Rewind: Change of scenery doesn't change A's fortunes

Rewind: Change of scenery doesn't change A's fortunes
August 15, 2014, 9:30 pm
Share This Post
At this point, it’s tough to know what to make of this mini-slide that Oakland finds itself on.
Joe Stiglich

Looking to wipe the slate clean as they arrived in Atlanta, the A’s wasted no time digging a deeper hole for themselves.

They faced a five-run deficit after just three innings and went quietly in a 7-2 loss to the Atlanta Braves at Turner Field.

[RELATED: Instant Replay: Hammel, A's can't contain Braves]

At this point, it’s tough to know what to make of this mini-slide that Oakland finds itself on. Is it just one of those occasional dips that teams experience throughout the season, or is it a trend that’s a bigger cause for concern?

Friday’s defeat, their fifth in six games, wasn’t just the result of a bad night for starting pitcher Jason Hammel (which it was), or the offense shooting blanks (which it did for the most part). The A’s played like a team in a daze, which is troubling in that they were coming off a poor series in Kansas City that left plenty of motivation to rebound.

They committed two costly baserunning errors, with Jonny Gomes getting picked off in the first inning and Alberto Callaspo getting doubled off second to squash a rally in the fourth. There were two passed balls from catcher Derek Norris, who looked like he might have been crossed up, once by Hammel and another time by Eric O’Flaherty.

Nate Freiman misplayed a routine grounder that preceded a two-run homer by Phil Gosselin that extended the Braves’ lead to 7-2 in the sixth. And though you can’t blame center fielder Coco Crisp too much for losing a ball in the lights in a stadium he rarely plays in, his confused body language on that third-inning play epitomized his team as a whole.

Granted it was just the opener of a three-game series, and two good games over the next two days would leave Friday’s stinker in the rear-view mirror. But the A’s have lost three games on their division lead in a span of five days. The Angels pulled within one game of first place with Friday’s 5-4 win at Texas.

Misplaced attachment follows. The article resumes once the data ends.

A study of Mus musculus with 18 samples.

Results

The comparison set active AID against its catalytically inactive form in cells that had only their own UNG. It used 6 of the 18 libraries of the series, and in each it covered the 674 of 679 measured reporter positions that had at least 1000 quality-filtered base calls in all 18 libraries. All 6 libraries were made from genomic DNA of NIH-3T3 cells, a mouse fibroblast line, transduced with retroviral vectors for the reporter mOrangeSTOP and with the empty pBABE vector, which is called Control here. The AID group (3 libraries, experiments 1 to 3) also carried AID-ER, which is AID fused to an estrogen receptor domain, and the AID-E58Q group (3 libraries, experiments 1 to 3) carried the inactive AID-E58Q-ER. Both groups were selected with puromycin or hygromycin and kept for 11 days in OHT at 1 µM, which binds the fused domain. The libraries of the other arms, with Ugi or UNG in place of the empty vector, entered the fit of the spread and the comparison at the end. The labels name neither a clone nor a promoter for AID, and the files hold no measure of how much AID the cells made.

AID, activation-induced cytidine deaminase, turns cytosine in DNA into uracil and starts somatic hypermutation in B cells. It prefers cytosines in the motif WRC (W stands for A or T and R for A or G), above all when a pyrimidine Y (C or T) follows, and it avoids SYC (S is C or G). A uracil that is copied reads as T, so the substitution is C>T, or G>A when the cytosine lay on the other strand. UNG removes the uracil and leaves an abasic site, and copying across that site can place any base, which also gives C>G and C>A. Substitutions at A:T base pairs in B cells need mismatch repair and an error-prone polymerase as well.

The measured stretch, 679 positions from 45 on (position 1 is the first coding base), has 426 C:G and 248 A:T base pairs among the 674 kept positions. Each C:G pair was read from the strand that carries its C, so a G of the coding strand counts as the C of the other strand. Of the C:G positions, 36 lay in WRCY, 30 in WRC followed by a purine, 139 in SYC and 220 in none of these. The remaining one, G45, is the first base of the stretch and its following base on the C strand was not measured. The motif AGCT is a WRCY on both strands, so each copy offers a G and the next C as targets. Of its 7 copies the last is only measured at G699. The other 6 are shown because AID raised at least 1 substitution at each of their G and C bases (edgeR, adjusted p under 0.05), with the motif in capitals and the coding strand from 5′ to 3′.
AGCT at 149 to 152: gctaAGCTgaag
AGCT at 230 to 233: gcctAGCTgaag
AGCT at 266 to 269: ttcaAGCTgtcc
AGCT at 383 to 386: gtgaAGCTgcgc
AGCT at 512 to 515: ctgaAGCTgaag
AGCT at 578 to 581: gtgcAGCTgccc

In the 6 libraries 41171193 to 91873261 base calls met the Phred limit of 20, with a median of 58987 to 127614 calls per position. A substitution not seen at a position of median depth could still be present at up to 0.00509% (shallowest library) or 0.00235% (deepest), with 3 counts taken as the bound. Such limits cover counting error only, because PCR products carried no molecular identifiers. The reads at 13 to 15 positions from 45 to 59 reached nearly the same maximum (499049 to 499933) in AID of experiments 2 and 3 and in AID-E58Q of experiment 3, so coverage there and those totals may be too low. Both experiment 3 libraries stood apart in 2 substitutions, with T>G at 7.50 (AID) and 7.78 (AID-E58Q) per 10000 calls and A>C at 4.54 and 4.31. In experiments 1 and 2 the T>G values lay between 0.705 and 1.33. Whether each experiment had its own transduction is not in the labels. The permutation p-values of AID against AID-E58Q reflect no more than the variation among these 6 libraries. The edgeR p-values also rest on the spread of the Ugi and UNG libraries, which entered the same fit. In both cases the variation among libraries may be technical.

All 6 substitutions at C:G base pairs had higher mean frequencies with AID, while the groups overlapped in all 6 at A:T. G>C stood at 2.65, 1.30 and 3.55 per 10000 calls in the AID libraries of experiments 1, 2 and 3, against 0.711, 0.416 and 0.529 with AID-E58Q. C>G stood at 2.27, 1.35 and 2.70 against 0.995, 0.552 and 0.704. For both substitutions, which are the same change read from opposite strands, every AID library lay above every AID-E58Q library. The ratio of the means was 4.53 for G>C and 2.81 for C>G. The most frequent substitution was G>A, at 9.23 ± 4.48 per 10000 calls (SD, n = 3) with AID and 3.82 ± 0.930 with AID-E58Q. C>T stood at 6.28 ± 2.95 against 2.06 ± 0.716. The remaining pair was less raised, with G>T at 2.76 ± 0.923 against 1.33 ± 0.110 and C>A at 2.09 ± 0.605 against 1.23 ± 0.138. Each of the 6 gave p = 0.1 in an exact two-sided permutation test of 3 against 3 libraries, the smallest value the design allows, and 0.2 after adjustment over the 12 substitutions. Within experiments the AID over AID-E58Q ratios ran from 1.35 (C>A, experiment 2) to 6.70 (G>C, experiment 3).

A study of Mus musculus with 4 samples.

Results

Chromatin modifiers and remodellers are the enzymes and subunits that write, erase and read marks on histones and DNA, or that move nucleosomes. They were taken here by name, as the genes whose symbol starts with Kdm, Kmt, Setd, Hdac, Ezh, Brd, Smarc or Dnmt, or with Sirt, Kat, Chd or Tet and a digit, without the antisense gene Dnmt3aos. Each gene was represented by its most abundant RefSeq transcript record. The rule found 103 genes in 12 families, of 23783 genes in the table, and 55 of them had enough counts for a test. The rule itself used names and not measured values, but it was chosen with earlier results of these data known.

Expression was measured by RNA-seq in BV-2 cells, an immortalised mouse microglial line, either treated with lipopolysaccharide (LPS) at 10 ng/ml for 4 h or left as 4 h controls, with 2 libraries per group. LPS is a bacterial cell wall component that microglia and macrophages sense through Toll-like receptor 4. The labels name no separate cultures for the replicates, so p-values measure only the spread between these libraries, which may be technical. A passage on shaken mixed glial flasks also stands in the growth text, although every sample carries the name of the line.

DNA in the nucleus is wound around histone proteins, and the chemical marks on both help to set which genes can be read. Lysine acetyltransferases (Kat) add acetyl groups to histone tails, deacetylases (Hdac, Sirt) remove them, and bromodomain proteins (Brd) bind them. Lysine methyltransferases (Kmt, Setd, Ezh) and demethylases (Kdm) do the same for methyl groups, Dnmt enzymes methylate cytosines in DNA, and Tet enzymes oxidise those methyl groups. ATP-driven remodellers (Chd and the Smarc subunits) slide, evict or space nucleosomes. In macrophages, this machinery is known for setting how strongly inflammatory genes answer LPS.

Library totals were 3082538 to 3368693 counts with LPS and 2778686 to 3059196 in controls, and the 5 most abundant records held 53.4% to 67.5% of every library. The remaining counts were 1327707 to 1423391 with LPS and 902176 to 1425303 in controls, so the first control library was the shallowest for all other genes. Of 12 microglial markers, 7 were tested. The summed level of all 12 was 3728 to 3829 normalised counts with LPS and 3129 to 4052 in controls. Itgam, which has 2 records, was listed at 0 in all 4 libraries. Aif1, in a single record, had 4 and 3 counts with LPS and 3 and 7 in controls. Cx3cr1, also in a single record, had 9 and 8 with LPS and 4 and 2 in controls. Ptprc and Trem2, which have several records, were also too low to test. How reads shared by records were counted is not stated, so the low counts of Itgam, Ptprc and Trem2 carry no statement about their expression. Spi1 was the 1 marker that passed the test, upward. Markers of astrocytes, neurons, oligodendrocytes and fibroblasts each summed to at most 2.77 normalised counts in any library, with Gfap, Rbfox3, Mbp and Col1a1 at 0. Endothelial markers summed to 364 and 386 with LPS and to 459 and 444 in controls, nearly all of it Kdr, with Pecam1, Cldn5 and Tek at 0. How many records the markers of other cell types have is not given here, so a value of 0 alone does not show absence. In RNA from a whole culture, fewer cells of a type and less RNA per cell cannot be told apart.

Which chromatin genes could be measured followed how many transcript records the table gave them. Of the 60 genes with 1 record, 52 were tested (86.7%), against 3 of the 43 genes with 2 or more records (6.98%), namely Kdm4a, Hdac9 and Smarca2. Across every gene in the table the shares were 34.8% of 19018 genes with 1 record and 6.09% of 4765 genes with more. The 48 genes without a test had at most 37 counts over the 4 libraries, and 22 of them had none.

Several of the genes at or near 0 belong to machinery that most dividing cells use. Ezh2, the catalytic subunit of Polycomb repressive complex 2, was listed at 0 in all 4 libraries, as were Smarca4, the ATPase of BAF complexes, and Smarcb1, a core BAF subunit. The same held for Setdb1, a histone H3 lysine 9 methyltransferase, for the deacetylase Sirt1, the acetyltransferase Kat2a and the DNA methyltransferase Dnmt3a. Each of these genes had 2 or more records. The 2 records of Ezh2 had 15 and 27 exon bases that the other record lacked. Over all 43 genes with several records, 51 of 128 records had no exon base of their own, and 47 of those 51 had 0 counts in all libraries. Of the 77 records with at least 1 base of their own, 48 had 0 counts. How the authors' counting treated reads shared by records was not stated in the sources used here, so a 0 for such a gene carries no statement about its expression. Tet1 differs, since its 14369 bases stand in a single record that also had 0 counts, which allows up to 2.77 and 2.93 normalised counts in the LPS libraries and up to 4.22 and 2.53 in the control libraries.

Hammel, who got tagged for five runs in just three innings, seemed like he might be turning a corner coming into Friday. Instead, his outing raised fresh concerns about whether he’s suited for this rotation for the stretch run.

He showed better command in his two previous starts, against Tampa Bay and Minnesota. But Friday’s struggles looked all too familiar as he left too many hittable pitches in the heart of the strike zone. Justin Upton and Evan Gattis went deep in the second, then Freddie Freeman delivered a three-run homer in the third that the A’s couldn’t recover from.

The A’s indeed have other options in long reliever Jesse Chavez (who also surrendered a homer) and Drew Pomeranz, who is 2-0 with a 3.12 ERA in six starts with Triple-A Sacramento. But given that the front office showed patience with Hammel through four poor starts, don’t expect a change to be made because he had one bad one after two good ones.

Here’s one big-picture consideration: Last season, the A’s went through a similar funk in a similar part of the season. They went 9-14 from July 30 to Aug. 25 and were 2 1/2 games out of first . From that point forward, however, they went on a 24-9 run to finish the regular season and wrap up the division championship.

This season, they’re 8-10 since July 28. Which direction do they go from here? The A’s will return to the ballpark Saturday, still searching for their much-needed reboot.